Sometimes plants seem to have minds of their own. They don't always behave the way we'd like. Sometimes they sprawl. Sometimes they creep beyond their bounds and into unwelcome territory. Sometimes they just grow a different way from what we had in mind. Part of a good gardener’s job is to guide the plants and rein in this “misbehavior” so that the garden as a whole is beautiful and does not become unkempt.
Here’s a look at five garden-control issues and how to prevent or fix the "flopsies", "trespassers", and "wrong-headed youngsters":
Tall and top-heavy flowers like these coneflowers are notorious for flopping over in summer.
These happen when the flowers of a plant are too big and heavy for its stems to support. Examples: mums, sedum, peonies, asters, many hydrangeas.
The Fix: Insert wire or twiggy plant supports at the beginning of the season to "corral" stems as the plants grow.
1. If you miss that opportunity and realize the plants are flopping later, insert three short green bamboo stakes around the plants and wrap tightly with green jute to "straitjacket" the floppers back into form. (Green is less conspicuous and blends in with the leaves.)
2. Shear back perennials that have bloomed already to a few inches. This is effective with species including catmint, hardy geraniums, and threadleaf coreopsis. Fresh, compact new growth will appear in a matter of days, and you may even get a second bloom in fall. Later bloomers such as sedum, mums, and tall asters should be sheared by a half or a third in May and/or June. This delays bloom time a bit but forces and encourages more compact growth.
3. Dig and divide iris, asters, grasses, and other "flop-aparters" into smaller clumps and replant 2 to 3 feet apart. Newly divided clumps tend to stand straighter. Flopping and dying-out of the centers are two signs that perennials display signaling division time.
4. Species that still flop despite all of this may need more sun or are being grown with too much water and high nitrogen fertilizer that results in lush, floppy growth.
Some plants, like this bugleweed, creep where they're not wanted.
Some plants are assertive and creep into areas where they are unwanted. Examples: ivy, lamium, pachysandra, ajuga, sweet woodruff, leadwort.
The Fix: Set your boundaries, monitor the creepers, and at least once a year in spring or fall dig out any that spread over the line. Transplant the excised pieces to new beds, or pass them along to friends, neighbors, or local fund-raising plant sales.
Overly aggressive plants (ribbon grass, lamiastrum, houttuynia, for example) that are creating more work than an annual "shovel-out" can solve, either should have their own bed where there IS no competition, or be replaced with something more mannerly.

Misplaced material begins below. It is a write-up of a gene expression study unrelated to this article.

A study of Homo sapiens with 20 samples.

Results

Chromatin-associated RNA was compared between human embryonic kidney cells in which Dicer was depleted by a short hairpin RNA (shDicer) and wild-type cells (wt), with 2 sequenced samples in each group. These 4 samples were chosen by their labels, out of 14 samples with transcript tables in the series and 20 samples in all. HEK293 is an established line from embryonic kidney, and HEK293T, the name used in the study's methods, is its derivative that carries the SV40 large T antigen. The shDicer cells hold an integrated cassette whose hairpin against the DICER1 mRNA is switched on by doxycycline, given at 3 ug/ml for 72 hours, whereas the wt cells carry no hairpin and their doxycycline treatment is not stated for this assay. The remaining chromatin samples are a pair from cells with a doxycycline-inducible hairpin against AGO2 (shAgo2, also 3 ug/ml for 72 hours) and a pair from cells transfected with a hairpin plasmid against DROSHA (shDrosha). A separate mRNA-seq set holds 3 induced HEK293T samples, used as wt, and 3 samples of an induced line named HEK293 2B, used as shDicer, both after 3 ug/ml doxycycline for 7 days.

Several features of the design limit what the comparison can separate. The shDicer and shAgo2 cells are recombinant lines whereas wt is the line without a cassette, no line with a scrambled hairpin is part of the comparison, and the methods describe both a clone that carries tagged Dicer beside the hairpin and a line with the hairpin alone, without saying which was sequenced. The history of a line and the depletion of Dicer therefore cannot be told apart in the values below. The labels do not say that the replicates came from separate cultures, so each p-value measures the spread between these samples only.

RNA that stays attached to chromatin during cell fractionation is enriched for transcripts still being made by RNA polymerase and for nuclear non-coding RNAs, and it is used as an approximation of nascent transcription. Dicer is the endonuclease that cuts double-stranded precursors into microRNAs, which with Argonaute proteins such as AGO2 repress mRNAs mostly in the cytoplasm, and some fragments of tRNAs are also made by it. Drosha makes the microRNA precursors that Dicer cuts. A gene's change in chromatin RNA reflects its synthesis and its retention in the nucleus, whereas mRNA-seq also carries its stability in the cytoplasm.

These are shoots that erupt from radiating roots around shrubs (sweetspire, sweetshrub, summersweet, fothergilla, etc.) or from around trees (crabapple, cherry, pear, etc.)
Many fruit trees put out "suckers" from around the base of the trunk.
The Fix: Using a sharp shovel cut off and remove suckers that are heading into unwanted territory. De-sucker anytime, but spring or fall is best if you want to transplant the rooted pieces. For tree suckers, using a hand runner or loppers, cut them off as low as you can whenever you see them. These look messy and waste tree energy.
The shape and size of a tree or shrub might be drastically different from what you anticipated. Branches may cross, the sunnier side may grow denser, and occasional long branches may pop out here or there.
The Fix: Use pruners and loppers to remove excess and crossing branches, as well as to shorten the too-long and gangly growth. Cut immediately above a branch or bud that’s facing outward in order to control the shape. This kind of training is especially important during a plant’s early years.
Pruning time for flowering shrubs depends upon when the plant flowers. Prune early bloomers right after the flowers are spent. For later-blooming varieties (June and after), prune at the end of winter as new growth begins. Most evergreens can be pruned from early spring through mid-summer.
Some plants act almost like weeds by dropping seeds that germinate everywhere in spring. Examples of reseeding annuals include nicotiana, cosmos, cleome, and larkspur. "Frisky" reseeding perennials include campanula, coneflowers, salvias and columbines. Some shrubs and trees such as butterfly bush, rose-of-Sharon, sweetshrub, and redbud also seed freely.
The Fix: The best way to stop unwanted reseeding is by snipping off ("deadheading") the spent flowers before the seeds have a chance to mature, dry, and drop. For controlled reseeding spread removed mature seedheads where you want them to grow. Do not compost excess; remove them from the garden.